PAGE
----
Day 2 : Took another lesson
A month ago I went boarding for the first time. I took a lesson and spent the day on the magic carpet bunny hill.

Today was day 2 and I took another lesson. 2 runs on the bunny hill and we were gone to the left and a larger slop (still a green).

Holy crap, what a frustrating sport this is to learn.

I am able to link skidded turns, but the last thing he had me do is try carving. Getting up on edge and holding it. Toe side I did pretty well, but heel side was a train wreck. I would always over rotate and do almost a skidded stop.

I also found myself still putting too much weight on my back foot.

Are these common beginner issues?

Kapn.K 01-17-2013 02:36 PM


Originally Posted by Easto (Post 595370)
Are these common beginner issues?

Absolutely! Hang in there. At least you had some good sense and took some lessons.

poutanen 01-17-2013 02:38 PM

If he's getting you to work on carving after two days, you're progressing VERY well. A lot of noobs spend their first three days on their ass and knees.

Also if there's any way you can get out more often, that's the only way you'll train your muscles and mind to snowboard. Once a week would be ideal to start...

Easto 01-17-2013 02:39 PM

I have taken 2 lessons. I am trying to make sure I do it right. Costs a bit of money, but I will get better quicker

BlackhawkDriver 01-17-2013 02:46 PM

Absolutely, most people have a tendancy to want to lean back and put too much weight in back. I had to remind myself to lean forward constantly and then lean forward more than what felt like enough. That aversion to leaning down the hill is a huge hurdle but when you overcome it you will progress much better because you will be able to steer the board with your front foot. As an outsider looking in, if youre not leaning forward and controlling the board with the correct pressures then you might want to wait a bit on the carving till you get a better feel for it. Just my .02 happy shredding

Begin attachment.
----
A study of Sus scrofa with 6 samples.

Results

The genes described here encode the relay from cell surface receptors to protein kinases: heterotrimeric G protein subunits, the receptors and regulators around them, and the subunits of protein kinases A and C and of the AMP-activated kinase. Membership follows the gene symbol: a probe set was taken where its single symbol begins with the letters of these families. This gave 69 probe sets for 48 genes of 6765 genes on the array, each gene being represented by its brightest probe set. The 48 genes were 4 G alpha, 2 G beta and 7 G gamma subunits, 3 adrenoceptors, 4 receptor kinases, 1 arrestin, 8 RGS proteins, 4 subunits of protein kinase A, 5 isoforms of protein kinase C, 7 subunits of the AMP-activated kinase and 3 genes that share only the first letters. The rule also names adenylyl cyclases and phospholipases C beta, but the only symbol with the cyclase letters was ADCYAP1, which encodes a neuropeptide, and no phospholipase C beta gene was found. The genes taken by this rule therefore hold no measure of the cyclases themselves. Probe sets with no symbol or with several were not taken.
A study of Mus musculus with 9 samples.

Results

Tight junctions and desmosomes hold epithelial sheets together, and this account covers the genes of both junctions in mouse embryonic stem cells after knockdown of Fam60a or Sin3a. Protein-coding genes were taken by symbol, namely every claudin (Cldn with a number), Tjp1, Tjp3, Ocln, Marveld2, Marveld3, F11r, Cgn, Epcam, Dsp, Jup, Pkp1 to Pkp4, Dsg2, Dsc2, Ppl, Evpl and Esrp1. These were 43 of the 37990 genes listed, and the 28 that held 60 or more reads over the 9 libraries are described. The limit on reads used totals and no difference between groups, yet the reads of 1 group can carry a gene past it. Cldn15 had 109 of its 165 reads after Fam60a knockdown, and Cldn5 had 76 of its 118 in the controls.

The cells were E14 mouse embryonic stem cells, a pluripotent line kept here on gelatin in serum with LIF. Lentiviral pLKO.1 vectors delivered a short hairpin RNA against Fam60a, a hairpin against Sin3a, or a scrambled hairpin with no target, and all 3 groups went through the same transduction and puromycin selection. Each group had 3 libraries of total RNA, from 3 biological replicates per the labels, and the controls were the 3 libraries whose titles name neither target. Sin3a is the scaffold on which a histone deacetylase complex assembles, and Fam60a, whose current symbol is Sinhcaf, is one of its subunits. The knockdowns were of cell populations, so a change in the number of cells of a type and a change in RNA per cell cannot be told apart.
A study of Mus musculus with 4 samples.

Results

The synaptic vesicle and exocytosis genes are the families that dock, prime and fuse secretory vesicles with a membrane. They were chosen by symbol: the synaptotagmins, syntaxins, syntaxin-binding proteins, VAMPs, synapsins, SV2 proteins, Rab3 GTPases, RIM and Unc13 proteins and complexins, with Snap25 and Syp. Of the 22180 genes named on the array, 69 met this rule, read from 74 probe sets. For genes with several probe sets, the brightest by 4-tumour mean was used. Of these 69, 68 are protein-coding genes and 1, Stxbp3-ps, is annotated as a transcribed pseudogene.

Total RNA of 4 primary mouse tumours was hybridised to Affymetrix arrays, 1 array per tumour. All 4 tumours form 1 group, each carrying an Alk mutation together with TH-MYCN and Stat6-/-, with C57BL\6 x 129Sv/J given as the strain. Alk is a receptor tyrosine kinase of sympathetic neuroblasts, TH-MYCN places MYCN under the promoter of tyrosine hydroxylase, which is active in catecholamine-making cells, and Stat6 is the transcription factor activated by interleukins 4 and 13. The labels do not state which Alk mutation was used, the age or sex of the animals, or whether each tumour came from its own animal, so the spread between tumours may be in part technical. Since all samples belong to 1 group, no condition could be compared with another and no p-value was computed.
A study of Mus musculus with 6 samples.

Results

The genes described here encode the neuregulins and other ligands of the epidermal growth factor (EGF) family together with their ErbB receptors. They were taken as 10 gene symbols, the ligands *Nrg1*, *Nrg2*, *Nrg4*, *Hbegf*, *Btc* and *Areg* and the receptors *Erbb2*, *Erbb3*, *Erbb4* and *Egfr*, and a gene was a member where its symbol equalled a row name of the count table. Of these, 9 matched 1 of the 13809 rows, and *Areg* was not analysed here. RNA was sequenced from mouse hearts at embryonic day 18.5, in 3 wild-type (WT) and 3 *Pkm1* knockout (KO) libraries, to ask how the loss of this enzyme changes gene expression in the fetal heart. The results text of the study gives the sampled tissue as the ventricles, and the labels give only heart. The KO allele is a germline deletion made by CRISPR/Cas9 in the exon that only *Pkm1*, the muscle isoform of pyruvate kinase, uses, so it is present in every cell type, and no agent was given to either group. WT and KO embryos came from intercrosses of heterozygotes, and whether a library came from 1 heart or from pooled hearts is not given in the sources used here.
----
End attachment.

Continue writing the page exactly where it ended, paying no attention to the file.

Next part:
Easto 01-17-2013 07:17 PM

There are a bunch of things that I have to think about when I am riding. Lean downhill, bend at the knees not at the waist, etc. Stuff like this I am sure you guys just naturally do now.

Once it comes second nature I will be in good shape.

I feel that I need at least 1 more lesson to fix a couple obvious issues I am having.

IdahoFreshies 01-18-2013 02:21 AM

You shouldn't be learning to carve until you can solidly link skidded turns on blue terrain. I don't know how the lessons went or what your progression level is, but that seems a bit rushed.

But yes, snowboarding has a steep learning curve and it is very frustrating. I know and am living it learning park tricks. Honestly never get so frustrated any other time in me life than when I am trying to learn park.

Easto 01-18-2013 10:19 AM

After sitting at home and thinking about yesterdays runs (yes, I think about it while sitting on the couch) I noticed these things:

- My weight was too far to the back leaning away from the hill instead of leaning into the hill.

- I feel like I am going too fast so I compensate heel side by essentially stopping/skidding to slow myself down

- I feel when I turn toe side I can get out of the turn no problem and start my heelside turn.

- When heelside I don't feel confident getting out of the turn to go toeside. I have this fear that I am going to catch an edge and eat it. Maybe I am leaning too far back which is causing me to overturn?

I plan on going back next Thursday, what are some things you guys can suggest I do to get to the next step?

Donutz 01-18-2013 10:46 AM

Easto, your issues are classic beginner issues. I suffer or have suffered from all of them. Ideally if you could get someone to take a video of you riding, it would help you a lot. Next best would be to get a camera on a pole and video yourself. Failing all that, you can "feel" yourself doing all these things if you concentrate. You need to be on a non-challenging run so you don't have to concentrate on the terrain. Then just feel yourself doing heelside turns, for instance. Vary your lean, vary your turn radius, vary your weight distribution. See how the turn changes. You'll zero in on what works better.

Or you could just always pay for a lesson with a more advanced instructor. Give him specific instructions as to what you want to work on.